Since then I’ve gorged myself on some wonderful drama featuring names usually associated with the country’s finest productions. There are incredible perks to dabbling on the fringes of the West End.
Firstly I got to meet the actor mentioned above when we collided coming out of the Soho Theatre’s front door following his performance in Shoreditch Madonna (they don’t ever have anything as pretentious as a stage door). It led to me being invited to his gorgeous Earl’s Court home to interview him and I couldn’t have been more thrilled. It was he who opened my eyes to the potential of the fringe.
Since then I found myself in the coffee queue next to Rupert Everett at The Hampstead Theatre (the grandest and most mainstream of the fringes) where he was performing as Oscar Wilde (we chatted briefly about his splendid autobiography which I just happened to have on me); I’ve seen Ben Wishaw, Francesca Annis and Dunstable’s own Kathryn Hunter all at the Soho; Matthew Kelly and Claire Sweeney at the Menier Chocolate Factory; the lovely Rupert Friend at the Arcola; Joseph Fiennes with Edlesborough child actor Joe Ashman at the tiny Bush Theatre and the sensational Alan Cumming (sans underwear!) flying in from the ceiling in The Bachae at The Lyric Theatre.
Fringe theatres are quirky and very cheap with the casts often coming out for a drink, chat and mingle in the theatre bar after a show. the audiences often feature their mates so they can be quite star-studded. When I first went to the Soho the ticket price was just £5 (at a time when the West End charged £40-plus) – and the box office apologised that they would soon be upping the tickets to a tenner!
The Menier (London Bridge tube) is actually in the bowels of a former chocolate factory and has a fantastic restaurant and art gallery on its ground floor. The mouth-watering Borough Market is just a few yards away and an addictive pleasure on a Saturday. Many theatres, like Islington’s King’s Head, are over pubs. Some feature just a handful of seats and you wonder how it can make economic sense to use it as a performance space.
But a lot of top actors enjoy the thrill of no frills productions and a lot of comedians use the tiny audiences to try out material before launching themselves on national tours. They really are a hidden gem.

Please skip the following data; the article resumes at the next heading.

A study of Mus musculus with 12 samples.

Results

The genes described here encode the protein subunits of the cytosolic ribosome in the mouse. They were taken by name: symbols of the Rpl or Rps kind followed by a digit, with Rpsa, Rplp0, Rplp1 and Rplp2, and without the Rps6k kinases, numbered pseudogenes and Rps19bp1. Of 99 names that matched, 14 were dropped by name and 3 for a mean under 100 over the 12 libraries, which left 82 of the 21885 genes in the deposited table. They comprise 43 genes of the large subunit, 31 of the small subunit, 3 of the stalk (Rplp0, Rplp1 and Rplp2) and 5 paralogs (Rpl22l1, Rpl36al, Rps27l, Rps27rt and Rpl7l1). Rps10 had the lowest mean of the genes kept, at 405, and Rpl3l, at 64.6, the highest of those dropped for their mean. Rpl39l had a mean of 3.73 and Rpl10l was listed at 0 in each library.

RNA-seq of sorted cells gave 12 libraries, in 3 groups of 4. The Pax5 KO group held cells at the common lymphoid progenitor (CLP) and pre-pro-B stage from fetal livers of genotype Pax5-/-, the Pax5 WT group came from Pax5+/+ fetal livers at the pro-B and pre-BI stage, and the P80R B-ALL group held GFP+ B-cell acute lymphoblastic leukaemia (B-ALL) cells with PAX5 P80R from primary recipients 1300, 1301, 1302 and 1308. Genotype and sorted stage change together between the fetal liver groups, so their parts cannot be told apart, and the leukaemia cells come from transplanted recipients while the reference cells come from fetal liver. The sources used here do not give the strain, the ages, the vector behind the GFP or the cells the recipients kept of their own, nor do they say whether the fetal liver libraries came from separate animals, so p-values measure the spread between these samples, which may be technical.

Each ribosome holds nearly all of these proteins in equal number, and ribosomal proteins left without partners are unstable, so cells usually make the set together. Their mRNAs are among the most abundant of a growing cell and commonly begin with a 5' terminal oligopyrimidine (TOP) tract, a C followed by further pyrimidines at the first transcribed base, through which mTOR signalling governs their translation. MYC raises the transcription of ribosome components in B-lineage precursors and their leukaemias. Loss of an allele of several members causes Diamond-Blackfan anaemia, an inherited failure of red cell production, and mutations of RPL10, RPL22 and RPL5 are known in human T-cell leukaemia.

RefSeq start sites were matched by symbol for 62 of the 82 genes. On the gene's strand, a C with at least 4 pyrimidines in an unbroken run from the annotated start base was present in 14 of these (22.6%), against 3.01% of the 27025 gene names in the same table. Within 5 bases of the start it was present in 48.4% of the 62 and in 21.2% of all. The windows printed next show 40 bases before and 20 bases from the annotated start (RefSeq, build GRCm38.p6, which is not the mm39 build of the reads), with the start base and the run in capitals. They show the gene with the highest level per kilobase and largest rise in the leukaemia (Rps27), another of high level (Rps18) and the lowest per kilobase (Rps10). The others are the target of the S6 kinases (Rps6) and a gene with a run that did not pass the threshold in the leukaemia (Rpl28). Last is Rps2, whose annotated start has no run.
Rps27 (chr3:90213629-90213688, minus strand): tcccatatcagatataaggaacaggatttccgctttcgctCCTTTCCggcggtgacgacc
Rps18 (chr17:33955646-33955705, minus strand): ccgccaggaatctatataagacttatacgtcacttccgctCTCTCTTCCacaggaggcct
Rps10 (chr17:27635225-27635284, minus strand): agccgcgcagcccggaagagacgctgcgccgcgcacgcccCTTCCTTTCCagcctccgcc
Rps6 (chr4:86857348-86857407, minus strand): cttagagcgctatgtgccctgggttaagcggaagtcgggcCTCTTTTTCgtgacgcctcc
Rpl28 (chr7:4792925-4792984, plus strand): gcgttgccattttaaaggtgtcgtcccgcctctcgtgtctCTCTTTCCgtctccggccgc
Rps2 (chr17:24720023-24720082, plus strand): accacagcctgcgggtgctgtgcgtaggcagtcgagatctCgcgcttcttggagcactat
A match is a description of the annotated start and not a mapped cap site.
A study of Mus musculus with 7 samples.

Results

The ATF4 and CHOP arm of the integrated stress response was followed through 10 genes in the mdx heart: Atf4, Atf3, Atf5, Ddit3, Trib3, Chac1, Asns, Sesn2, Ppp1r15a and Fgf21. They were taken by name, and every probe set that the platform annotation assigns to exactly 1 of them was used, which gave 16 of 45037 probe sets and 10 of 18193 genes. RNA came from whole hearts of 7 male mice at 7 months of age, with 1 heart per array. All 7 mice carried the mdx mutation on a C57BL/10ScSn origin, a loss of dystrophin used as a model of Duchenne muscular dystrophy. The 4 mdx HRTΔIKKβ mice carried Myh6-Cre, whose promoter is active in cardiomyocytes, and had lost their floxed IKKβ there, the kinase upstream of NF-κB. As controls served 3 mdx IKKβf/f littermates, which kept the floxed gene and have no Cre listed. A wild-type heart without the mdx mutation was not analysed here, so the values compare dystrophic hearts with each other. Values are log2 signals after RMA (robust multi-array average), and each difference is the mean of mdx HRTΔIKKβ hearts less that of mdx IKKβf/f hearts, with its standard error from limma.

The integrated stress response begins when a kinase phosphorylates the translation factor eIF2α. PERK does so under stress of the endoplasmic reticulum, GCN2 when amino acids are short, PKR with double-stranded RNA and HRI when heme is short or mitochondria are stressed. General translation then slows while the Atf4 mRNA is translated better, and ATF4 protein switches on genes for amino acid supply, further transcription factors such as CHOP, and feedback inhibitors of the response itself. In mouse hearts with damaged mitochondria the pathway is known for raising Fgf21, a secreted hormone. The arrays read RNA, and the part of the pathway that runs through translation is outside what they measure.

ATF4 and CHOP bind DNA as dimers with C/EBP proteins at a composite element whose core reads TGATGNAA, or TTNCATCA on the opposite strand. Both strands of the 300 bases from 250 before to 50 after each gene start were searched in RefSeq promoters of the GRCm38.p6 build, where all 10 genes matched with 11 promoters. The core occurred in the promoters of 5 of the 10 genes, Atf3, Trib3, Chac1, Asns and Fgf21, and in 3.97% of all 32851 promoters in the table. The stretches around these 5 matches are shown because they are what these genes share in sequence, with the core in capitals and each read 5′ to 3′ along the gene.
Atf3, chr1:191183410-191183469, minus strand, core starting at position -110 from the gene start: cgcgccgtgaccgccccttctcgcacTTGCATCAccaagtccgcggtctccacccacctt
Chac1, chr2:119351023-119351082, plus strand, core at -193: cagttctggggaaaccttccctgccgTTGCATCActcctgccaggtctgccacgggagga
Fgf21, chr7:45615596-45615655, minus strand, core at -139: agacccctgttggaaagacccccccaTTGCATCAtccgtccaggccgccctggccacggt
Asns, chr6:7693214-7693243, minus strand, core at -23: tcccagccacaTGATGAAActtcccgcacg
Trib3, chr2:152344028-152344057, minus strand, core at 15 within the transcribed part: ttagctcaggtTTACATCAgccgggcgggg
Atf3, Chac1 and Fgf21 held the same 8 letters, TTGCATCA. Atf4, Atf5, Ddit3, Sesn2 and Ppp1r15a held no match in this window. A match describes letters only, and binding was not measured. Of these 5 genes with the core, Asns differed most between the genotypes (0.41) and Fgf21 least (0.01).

Last Saturday I went back to The Arcola (Dalston) to see a tremendous show that I’d recommend to everyone. Sweet Smell of Success is a huge production being staged in modest surroundings. This British premiere really ought to be on a mainstream stage and be charging punters at least £50 a ticket.
Instead it’s crammed in the eco-friendly Arcola where the staff make you feel welcome, the venue boasts outstanding green credentials (it’s so carbon neutral that even its beer and crisps are produced just around the corner), the bar is presided over by a very lovely guy and it puts on some cracking productions.
Rupert Friend was mesmerising in Dennis Potter’s Brimstone and Treacle before he jetted off to Hollywood and a part in Channel 4’s Homeland and now David Bamber and Adrian der Gregorian give remarkable performances in Sweet Smell Of Success.
Set in early 1950s New York it probes the sleazy world of celebrity journalism where one big name columnist has the power to make or break the rich and powerful.
JJ Hunsecker (a delightfully seedy performance from Bamber) is based on the real life NY Daily Mirror gossip columnist Walter Winchell whose pages were devoured by 50 million people a day. Agents begged and bribed to get their clients mentioned, some begged to have their names wiped from the record. There has never been such power by one person before or since.
Burt Lancaster and Tony Curtis starred in the movie version but here the story is set to the music of the award-winning composer Marvyn Hamlisch and it’s a thrilling, high energy, production with some superb performances, musically and dramatically.
Bamber’s immoral journo makes your flesh creep while der Gregorian and Stuart Matthew Price (as piano player and jazz singer Dallas) give knockout solos in front of the mic.
It really is worth a visit. Go online to find out more about London’s fringe theatres.